Family of Visioncon fixture remember his legacy after losing him to COVID-19
‘He really loved people and loved helping other people’
SPRINGFIELD, Mo. (KY3) - The family of a Greene County man remembered for his roll in Visioncon, a Comic Con-style convention held in Springfield and Branson over the last several decades, said he touched the lives of many throughout his lifetime.
Local health leaders say they are continuing to see younger COVID-19 cases, and hospitalizations lately. One of those was 31-year-old Brandon Shane, who recently lost his fight with the virus.
Shane had been involved with the convention for 15 years or so, but eventually went on to lead it.
After passing away just a few weeks ago, his family learned just how much of an impact he really had on people across Southwest Missouri and other parts of the country.
“We sat through the visitation the other night, and probably a little over 500 people came through to pay their respects to a young man who they give credit for changing the Sci-Fi community here in Southwest Missouri,” Shane’s father Phillip Shane said.
His parents said Shane had a passion for Sci-Fi, film, games and just about everything in between. And during his lifetime, he spread that passion with others.
”He was a people person,” Shane’s mother Valerie Shane said. “He really loved people and loved helping other people.”
His mom, dad and sister said his devotion stretched to serving others. The conventions even raised money for charities.
”As long as you were passionate about something, he would be passionate back with you,” Phillip Shane said. “They didn’t do it for raising money for themselves. It was always giving back to charity, whether it was ‘Care to Learn’ or ‘Habitat for Humanity.’ Each year they picked somebody to be a part of what they were doing to return to the community.”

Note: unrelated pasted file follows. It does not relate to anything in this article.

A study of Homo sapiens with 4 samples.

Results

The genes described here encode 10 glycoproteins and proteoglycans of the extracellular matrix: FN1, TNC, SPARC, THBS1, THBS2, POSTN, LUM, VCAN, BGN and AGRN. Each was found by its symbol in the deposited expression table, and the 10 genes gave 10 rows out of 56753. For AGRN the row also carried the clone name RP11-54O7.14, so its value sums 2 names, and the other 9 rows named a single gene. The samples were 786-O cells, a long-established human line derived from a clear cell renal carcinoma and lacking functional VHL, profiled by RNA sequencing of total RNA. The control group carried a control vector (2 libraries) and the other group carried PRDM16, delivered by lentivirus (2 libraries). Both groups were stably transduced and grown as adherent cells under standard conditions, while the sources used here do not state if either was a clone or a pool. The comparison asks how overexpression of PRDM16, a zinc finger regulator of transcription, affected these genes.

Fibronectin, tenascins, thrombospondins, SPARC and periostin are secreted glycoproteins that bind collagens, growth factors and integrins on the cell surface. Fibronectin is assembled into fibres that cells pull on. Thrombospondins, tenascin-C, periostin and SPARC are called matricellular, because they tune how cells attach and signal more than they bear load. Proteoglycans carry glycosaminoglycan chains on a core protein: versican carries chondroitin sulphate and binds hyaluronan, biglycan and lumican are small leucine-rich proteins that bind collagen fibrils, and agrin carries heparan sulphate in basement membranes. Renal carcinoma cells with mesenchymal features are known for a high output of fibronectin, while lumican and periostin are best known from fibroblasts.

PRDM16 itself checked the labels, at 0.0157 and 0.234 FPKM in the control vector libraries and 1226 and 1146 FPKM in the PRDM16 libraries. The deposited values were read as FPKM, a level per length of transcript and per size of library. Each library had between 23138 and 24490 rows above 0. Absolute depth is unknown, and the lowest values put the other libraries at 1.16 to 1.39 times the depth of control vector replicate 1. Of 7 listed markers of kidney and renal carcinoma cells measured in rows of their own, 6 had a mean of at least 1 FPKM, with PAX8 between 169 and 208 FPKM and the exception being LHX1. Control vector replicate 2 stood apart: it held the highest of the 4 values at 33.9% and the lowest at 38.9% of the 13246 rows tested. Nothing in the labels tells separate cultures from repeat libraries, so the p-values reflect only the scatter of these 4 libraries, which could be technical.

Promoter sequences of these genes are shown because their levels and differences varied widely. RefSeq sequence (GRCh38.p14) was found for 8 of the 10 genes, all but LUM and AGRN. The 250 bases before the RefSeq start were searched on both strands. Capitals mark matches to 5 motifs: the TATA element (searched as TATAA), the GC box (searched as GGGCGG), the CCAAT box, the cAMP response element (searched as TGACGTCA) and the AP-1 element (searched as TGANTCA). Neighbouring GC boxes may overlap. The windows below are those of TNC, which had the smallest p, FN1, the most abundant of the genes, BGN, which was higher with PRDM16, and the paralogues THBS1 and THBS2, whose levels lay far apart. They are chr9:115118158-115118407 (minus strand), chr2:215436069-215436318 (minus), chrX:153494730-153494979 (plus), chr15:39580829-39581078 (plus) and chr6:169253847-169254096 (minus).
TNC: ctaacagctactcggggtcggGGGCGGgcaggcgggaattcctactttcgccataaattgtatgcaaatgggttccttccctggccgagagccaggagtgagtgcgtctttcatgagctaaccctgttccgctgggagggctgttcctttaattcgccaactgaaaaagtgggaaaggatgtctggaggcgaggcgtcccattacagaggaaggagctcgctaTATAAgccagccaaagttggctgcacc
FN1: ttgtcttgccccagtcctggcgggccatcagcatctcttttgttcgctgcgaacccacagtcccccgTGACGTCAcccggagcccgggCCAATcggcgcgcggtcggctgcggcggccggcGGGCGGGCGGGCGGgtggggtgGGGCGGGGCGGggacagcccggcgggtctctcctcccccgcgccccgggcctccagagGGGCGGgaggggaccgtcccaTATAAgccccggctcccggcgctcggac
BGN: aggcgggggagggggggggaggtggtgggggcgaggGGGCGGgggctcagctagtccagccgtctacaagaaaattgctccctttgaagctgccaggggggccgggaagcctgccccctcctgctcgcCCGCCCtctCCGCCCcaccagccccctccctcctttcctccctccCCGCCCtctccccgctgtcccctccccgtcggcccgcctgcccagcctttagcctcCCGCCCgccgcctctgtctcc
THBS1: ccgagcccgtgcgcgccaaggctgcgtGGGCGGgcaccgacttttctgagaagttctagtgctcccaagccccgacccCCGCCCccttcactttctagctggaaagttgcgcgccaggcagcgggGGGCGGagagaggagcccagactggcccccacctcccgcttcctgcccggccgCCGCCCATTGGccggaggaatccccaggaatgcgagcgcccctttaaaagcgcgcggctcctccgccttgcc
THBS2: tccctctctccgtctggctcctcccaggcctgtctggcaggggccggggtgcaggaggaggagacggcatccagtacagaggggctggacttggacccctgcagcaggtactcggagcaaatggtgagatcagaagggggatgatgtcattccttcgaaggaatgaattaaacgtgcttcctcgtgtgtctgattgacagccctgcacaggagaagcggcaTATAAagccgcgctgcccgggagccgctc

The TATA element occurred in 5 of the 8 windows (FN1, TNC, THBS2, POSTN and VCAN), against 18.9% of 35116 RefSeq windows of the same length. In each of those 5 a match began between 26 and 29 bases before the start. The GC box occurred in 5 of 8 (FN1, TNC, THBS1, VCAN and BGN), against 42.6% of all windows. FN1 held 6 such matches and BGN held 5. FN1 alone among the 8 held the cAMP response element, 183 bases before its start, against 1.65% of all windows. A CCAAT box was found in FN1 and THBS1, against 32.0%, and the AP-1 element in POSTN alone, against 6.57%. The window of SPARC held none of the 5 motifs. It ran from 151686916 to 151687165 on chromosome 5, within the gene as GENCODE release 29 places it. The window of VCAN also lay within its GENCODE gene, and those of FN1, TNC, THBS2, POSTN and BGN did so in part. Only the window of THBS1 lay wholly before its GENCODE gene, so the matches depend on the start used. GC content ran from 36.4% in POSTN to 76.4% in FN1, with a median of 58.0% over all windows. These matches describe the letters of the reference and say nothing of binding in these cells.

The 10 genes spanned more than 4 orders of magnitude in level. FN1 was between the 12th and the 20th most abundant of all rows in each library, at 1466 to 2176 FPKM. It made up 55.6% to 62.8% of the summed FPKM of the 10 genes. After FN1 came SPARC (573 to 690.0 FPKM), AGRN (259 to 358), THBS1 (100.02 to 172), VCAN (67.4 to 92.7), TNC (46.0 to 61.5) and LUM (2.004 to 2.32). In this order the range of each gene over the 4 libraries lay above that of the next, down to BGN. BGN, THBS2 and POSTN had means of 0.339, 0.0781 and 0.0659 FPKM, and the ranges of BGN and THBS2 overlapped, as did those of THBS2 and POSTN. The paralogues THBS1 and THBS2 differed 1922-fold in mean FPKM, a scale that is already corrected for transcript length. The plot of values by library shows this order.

“He made sure everybody was included,” Shane’s sister Erica Shane added.
But just a few weeks ago, Shane got sick. He had COVID-19, which progressed much faster than he or family could have expected.
”It came quick. It hit quick and he declined rapidly,” his parents said. “He was in the hospital just three days and he was gone.”
His family says they are grateful for everything doctors and nurses did to help. They said they are also especially grateful they had the chance to be with him in his final moments, something many could not experience throughout the pandemic.
”He would just continually look out for us,” his father said. “Even the last words he said to his mom, ‘I’m going to be better. It’ll be okay. Don’t worry.’ ”
As a kid, Shane had pneumonia and bronchitis. Family are not sure if that impacted the progression of the disease, but they said they do not want him to be remembered by COVID. Instead, they hope people will remember him for his passion and devotion to others.
When asked about the Batman shirts his parents wore during the interview, Shane’s father said, “[They are to] remember him. He was buried in his Batman shirt and his khaki shorts because that’s what people saw.”
So far, 434 people have died from COVID-19 in Greene county. KY3′s thoughts go out to Brandon Shane’s family and everyone who lost a loved on in this pandemic.